Administrator gains national fame

Stored away on the first floor in Coleman Library’s Media Center is an administrator who is working toward improving the lives of America’s black youth.

Only some students know of the accomplished woman who attempts to raise the bar in the educational system at the elementary and middle school levels.

But one author has set out to make her contributions known.

In September 2006, Dhyana Ziegler, Ph.D., was featured in John T. Barber’s “The Black Digital Elite.”

“Since the book’s release it has been a big hit,” said Pam Bryant, special assistant to the president.

Ziegler currently serves as the assistant vice president for instructional technology and academic affairs. She arrived at FAMU in 1997 after being chosen as the Garth C. Reaves Eminent Scholar Chair of Excellence in Journalism.

Of the 26 blacks featured in the book, Ziegler was the only woman.

“In most educational material on this subject, mostly featured are white American men,” Bryant said. “This book sheds light on African-American innovators.”

The author of the book said he chose the top black leaders in the nation based solely on their achievements in the technology field.

“The book is about African-American achievement in the field of digital technology, not about gender,” Barber said. “We need more teachers like her to ensure that African-Americans are not left behind in our rapidly changing technological society.”

The chapter of the book about Ziegler focuses on her helping young people to be creative in a digital world, eliminating the digital divide in Florida and preparing blacks for the information age. Her platform is to use technology as a tool for education and to raise consciousness.

“We as African-Americans must play a major role in the development of technology,” Ziegler said. “The information highway is an avenue for us to be entrepreneurs.”

She said the use of technology is a progressive way to motivate young people to learn.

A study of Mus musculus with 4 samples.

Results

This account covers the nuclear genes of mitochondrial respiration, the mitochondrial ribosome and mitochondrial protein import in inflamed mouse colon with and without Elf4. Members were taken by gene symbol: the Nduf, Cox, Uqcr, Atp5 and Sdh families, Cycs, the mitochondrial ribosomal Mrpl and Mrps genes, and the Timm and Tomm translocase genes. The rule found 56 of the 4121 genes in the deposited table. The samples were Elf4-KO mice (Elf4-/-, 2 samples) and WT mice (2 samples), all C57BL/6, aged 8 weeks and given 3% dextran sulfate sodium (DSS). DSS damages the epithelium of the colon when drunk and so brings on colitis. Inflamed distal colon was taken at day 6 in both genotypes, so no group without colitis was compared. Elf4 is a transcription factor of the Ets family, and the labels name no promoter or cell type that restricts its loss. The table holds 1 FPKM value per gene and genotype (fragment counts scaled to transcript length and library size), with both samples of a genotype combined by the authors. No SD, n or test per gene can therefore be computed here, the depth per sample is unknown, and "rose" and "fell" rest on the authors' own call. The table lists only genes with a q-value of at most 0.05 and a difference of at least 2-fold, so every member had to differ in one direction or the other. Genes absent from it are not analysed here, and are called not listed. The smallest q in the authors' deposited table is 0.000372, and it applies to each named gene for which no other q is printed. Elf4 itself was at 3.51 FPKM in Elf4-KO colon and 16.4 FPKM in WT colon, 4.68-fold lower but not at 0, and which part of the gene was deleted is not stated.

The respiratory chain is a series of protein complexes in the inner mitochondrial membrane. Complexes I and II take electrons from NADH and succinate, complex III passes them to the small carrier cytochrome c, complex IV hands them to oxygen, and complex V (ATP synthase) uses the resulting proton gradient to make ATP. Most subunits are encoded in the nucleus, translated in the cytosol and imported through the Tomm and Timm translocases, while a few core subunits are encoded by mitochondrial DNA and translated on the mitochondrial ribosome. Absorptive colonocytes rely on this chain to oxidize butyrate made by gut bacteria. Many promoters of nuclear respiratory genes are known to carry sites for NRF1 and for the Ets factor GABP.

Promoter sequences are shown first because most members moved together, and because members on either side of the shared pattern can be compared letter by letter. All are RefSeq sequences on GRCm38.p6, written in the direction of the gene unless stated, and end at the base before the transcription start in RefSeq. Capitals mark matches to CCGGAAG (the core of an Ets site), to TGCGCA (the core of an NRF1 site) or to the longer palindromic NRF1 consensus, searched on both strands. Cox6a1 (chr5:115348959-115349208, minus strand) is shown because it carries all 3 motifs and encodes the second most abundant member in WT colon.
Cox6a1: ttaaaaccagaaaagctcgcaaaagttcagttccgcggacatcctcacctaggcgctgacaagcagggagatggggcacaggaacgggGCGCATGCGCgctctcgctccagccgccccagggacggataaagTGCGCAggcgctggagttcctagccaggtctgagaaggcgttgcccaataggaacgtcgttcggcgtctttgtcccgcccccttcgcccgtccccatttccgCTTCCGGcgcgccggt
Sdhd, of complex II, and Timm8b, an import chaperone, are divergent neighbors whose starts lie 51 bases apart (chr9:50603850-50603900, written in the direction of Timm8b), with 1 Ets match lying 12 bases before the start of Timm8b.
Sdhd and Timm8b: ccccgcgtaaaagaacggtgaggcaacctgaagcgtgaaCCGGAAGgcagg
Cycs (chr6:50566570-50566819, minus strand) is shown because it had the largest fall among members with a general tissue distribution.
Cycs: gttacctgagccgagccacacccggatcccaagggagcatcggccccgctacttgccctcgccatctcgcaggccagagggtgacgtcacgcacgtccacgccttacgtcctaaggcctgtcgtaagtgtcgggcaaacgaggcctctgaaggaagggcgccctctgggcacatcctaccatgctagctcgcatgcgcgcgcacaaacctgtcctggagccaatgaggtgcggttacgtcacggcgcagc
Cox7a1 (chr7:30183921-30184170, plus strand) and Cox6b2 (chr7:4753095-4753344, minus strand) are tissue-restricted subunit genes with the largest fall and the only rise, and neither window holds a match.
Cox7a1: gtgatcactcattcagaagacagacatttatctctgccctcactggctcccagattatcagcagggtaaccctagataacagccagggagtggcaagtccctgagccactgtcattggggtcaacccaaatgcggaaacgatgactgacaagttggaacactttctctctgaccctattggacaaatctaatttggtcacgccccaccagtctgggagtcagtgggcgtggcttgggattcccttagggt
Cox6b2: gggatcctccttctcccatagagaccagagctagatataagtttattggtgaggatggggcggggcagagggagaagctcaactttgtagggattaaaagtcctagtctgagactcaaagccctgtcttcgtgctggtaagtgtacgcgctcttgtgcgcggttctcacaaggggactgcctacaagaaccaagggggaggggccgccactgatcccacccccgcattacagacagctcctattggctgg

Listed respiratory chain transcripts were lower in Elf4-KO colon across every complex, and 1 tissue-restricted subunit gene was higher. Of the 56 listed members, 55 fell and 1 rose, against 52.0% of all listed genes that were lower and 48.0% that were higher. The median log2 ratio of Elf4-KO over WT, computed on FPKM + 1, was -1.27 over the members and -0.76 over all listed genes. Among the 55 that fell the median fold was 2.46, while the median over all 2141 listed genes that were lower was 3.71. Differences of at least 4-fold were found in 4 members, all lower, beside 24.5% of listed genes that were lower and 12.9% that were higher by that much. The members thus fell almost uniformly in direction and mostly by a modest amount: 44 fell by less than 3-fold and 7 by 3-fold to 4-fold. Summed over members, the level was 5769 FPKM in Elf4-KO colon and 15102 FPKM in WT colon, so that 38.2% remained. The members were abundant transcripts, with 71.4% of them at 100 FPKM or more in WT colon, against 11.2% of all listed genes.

“Technology is a great tool for us to engage young people in interactive programs,” Ziegler said.

Her theory is based on the prevalence of video games among youth and the interactivity they require from the youth.

“Use the same methodology; just change the content,” she concluded.

Barber applauded Ziegler’s theories.

“I think she is right when she says that you have start now with a group of very young kids and make software development a part of their growing up,” Barber said. “By the time they become mature, they will be among the digital masters of tomorrow.”

Being selected for the book is not Ziegler’s first honor for her contributions to technology.

She currently is an appointed member of the Board of Trustees for Florida Virtual Schools.

“Her work in Florida’s virtual institutions and teaching young people to use virtual reality to learn math and science is outstanding,” Barber said.

Ziegler is also an experienced journalist who serves as host and co-producer of “The Delta SEE Connection,” a national radio program geared toward improving the math and science skills of kindergarten through eighth grade black students.

It is sponsored by Delta Sigma Theta Sorority, Inc.

In 2006, she was ranked among the 100 Most Important Blacks by the Career Communications Group.

“In the field of education and technology, Dr. Ziegler is a visionary who sees the technological leaders of the future in the young black people of today,” Barber said.